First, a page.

There are multiple factors to consider when analysing the interview answers of your candidate shortlist. In order to find a candidate who is a good match for the role and company culture, employers will need to find a way to objectively assess the answers given in the candidate interview.
According to research by Robert Half, two in five businesses realise they’ve hired the wrong candidate within two weeks. This has been attributed to mismatched skills for the job and to candidates being underqualified for the role. Learning how to identify a qualified candidate by assessing interview answers will ultimately ensure your hiring decision by making an offer to the right candidate.
When analysing interview answers, know which competencies you’re looking for
Before you know whether or not your candidate is a good fit for the job, you need to know exactly which competencies and must-have skills you’re looking for as part of your interview evaluation.
You should ideally be asking a range of questions designed to probe technical skills and experience, cultural fit and soft skills during the candidate interview. These questions will be based on the role requirements which should ideally be decided between the hiring manager, the direct report and the senior stakeholders in the business. To help speed up the hiring time, all candidate requirements should be agreed before you start the hiring process.
Alternatively, you can work with a recruitment professional who will use extensive hiring market knowledge to help you isolate the exact role to hire for and the skills needed to fulfil it.
Create a candidate assessment form
Objectivity and clear success metrics are the best way to perform an interview evaluation. You can do this by creating an interview evaluation form.
You can approach this by creating a grid and listing your interview questions down the left-hand side. You can then add all your key competencies to the top of the grid. As you work through your interview questions, you can check off each competency your candidate has when they give their interview answers.
When the interview process is complete, you can work your way down the grid, adding up a total score for each competency, to give yourself a clearer overview of how well each candidate matches the role. This approach will also make it easier for you to compare candidates against one another. This should narrow down the qualified candidates that are right for the role.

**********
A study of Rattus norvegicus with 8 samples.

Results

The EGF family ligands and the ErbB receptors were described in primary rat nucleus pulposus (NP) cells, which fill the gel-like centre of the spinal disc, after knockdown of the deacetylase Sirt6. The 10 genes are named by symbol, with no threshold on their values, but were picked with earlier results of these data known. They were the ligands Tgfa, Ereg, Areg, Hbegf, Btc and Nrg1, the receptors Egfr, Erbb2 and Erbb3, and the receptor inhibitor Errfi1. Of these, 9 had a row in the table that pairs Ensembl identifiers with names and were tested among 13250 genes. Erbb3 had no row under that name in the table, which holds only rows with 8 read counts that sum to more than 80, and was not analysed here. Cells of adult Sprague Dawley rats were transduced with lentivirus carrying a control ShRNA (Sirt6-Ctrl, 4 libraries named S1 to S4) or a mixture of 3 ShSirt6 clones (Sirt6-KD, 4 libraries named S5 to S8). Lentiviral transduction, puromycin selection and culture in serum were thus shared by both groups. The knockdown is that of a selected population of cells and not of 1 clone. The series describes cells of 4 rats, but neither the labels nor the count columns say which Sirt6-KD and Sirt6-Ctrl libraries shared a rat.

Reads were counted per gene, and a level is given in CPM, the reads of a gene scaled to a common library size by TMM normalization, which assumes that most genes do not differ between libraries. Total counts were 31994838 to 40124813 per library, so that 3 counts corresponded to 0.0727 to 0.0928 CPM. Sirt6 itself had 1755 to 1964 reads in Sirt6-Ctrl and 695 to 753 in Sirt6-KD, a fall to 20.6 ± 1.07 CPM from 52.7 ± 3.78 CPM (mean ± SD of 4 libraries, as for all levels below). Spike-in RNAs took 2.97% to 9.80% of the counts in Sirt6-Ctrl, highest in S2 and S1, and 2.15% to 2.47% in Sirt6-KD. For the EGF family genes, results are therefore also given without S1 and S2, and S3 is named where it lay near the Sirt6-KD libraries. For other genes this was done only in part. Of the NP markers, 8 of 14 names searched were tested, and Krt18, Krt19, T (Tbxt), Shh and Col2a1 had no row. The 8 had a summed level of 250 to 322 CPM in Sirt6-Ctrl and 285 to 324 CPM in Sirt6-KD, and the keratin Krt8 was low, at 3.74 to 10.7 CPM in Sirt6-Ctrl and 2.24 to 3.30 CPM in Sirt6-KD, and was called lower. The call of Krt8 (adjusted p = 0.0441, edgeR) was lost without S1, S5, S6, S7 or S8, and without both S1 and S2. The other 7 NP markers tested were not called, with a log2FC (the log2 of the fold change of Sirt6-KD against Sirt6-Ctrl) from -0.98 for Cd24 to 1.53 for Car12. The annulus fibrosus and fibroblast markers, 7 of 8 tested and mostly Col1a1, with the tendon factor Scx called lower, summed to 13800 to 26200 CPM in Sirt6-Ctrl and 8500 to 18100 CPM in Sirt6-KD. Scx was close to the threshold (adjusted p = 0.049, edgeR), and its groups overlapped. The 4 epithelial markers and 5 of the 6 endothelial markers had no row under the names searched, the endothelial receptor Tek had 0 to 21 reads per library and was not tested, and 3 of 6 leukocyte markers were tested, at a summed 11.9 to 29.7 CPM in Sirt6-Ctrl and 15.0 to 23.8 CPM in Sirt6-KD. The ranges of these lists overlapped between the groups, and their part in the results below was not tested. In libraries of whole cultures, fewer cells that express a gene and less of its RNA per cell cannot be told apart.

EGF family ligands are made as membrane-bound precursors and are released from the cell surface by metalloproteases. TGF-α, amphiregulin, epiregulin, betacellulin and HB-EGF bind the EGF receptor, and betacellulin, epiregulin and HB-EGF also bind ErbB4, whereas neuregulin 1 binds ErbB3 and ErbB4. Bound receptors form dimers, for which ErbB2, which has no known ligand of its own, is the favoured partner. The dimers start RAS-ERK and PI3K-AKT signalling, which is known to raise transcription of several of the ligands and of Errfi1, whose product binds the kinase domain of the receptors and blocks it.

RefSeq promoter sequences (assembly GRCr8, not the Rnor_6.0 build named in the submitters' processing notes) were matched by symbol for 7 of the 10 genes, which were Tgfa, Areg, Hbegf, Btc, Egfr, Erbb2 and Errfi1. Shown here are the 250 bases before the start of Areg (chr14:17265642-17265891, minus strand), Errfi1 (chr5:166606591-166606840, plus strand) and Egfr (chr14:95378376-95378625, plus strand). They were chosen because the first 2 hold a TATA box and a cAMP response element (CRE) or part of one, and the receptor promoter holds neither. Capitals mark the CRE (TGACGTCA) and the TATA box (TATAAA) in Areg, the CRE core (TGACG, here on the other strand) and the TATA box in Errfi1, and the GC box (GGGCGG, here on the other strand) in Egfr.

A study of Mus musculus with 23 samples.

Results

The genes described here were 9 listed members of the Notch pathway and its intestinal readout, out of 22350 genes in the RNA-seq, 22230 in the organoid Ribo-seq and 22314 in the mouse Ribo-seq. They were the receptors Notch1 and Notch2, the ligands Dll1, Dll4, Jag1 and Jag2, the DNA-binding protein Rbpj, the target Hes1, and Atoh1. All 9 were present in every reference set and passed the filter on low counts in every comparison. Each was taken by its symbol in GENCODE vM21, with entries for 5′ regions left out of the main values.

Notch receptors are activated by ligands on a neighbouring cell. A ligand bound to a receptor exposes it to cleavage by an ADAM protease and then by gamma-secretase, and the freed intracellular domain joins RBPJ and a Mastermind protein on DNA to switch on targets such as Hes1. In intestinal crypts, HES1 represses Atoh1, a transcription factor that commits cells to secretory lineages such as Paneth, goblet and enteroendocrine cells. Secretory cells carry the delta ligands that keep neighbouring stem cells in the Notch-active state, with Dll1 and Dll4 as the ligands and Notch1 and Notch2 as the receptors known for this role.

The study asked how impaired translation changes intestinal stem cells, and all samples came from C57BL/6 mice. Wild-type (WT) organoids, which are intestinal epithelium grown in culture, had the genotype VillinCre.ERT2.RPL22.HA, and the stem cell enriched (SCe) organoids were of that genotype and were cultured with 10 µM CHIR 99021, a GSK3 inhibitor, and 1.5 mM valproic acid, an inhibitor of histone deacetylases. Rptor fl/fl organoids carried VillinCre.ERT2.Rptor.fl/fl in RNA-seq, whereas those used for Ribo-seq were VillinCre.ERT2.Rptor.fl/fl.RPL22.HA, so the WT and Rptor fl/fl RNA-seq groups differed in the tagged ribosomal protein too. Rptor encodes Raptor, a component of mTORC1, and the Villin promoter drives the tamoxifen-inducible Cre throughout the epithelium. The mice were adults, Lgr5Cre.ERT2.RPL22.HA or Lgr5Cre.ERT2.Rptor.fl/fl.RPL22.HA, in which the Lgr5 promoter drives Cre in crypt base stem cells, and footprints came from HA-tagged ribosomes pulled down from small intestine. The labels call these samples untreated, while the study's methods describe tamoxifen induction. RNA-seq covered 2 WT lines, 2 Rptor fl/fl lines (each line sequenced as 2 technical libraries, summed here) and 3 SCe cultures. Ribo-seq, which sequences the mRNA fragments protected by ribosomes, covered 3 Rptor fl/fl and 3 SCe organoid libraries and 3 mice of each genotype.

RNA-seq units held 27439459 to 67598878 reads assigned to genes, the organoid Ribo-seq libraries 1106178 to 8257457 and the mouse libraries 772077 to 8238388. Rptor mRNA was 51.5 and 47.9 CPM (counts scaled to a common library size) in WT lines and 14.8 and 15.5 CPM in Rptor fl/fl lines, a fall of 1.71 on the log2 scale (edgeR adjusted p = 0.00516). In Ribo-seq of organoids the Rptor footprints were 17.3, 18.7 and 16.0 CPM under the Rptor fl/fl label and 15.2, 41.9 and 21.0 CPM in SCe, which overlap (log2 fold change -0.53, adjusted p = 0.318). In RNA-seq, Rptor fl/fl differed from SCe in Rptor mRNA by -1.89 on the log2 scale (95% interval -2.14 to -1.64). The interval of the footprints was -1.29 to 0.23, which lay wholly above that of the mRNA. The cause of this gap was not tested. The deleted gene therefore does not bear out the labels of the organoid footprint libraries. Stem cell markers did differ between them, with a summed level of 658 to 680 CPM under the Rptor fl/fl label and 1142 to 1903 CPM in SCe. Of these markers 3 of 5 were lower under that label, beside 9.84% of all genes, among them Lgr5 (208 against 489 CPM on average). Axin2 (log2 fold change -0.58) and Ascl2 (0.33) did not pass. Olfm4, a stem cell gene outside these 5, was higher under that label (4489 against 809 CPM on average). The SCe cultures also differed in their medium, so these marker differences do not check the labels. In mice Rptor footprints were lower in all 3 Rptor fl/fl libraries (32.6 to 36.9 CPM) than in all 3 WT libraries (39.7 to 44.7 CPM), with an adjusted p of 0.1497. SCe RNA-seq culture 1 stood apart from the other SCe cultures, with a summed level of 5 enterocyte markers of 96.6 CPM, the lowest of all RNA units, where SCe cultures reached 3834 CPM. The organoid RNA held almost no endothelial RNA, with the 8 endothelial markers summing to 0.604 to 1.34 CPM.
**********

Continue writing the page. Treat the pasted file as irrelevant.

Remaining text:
Pay attention to answer delivery
The interview answers a candidate gives are only half the story. Their suitability for the role and the company can also be determined by the way they deliver answers. Tone of voice and body language can reveal how suitable a candidate is in terms of cultural fit, which is a key component in employee job satisfaction and tenure.
During the interview evaluation, be aware of the following:
• Eye contact
Is the candidate looking you in the eye when you speak? Do they maintain eye contact when giving an answer? Eye contact is a sign of confidence—excessive blinking, looking down or roaming eyes can signify that the candidate feels under pressure or that they’re struggling to maintain their concentration.
• Words and speech
What kind of words does your candidate rely on when giving an answer to your interview question? Are they articulate in their response or do they rely on ‘crutch words’? Is there a tendency towards negative or hesitant language? The words your candidate chooses when they respond are very telling of their general mindset.
• Body language
How is the candidate sitting while they listen to your questions? If they’re mirroring your body language, this is a sign they’re out to impress. If they have their arms or legs crossed, they could be feeling defensive. Pay close attention to how your candidate holds themselves when they listen and answer.
Effective interview evaluation requires focus
It’s important to truly listen to the interview answers of your candidate shortlist, and if possible hold the interviews back-to-back for effective comparison. At Robert Half, we offer our hiring managers our Company In process. In short, we look after all the booking in the shortlist, arranging the logistics of the interview and take care of any post-interview feedback. We also host these interviews in our offices as this provides a neutral setting and allows hiring managers to just focus on the interview.
To find out more recruitment advice, contact the experts at Robert Half.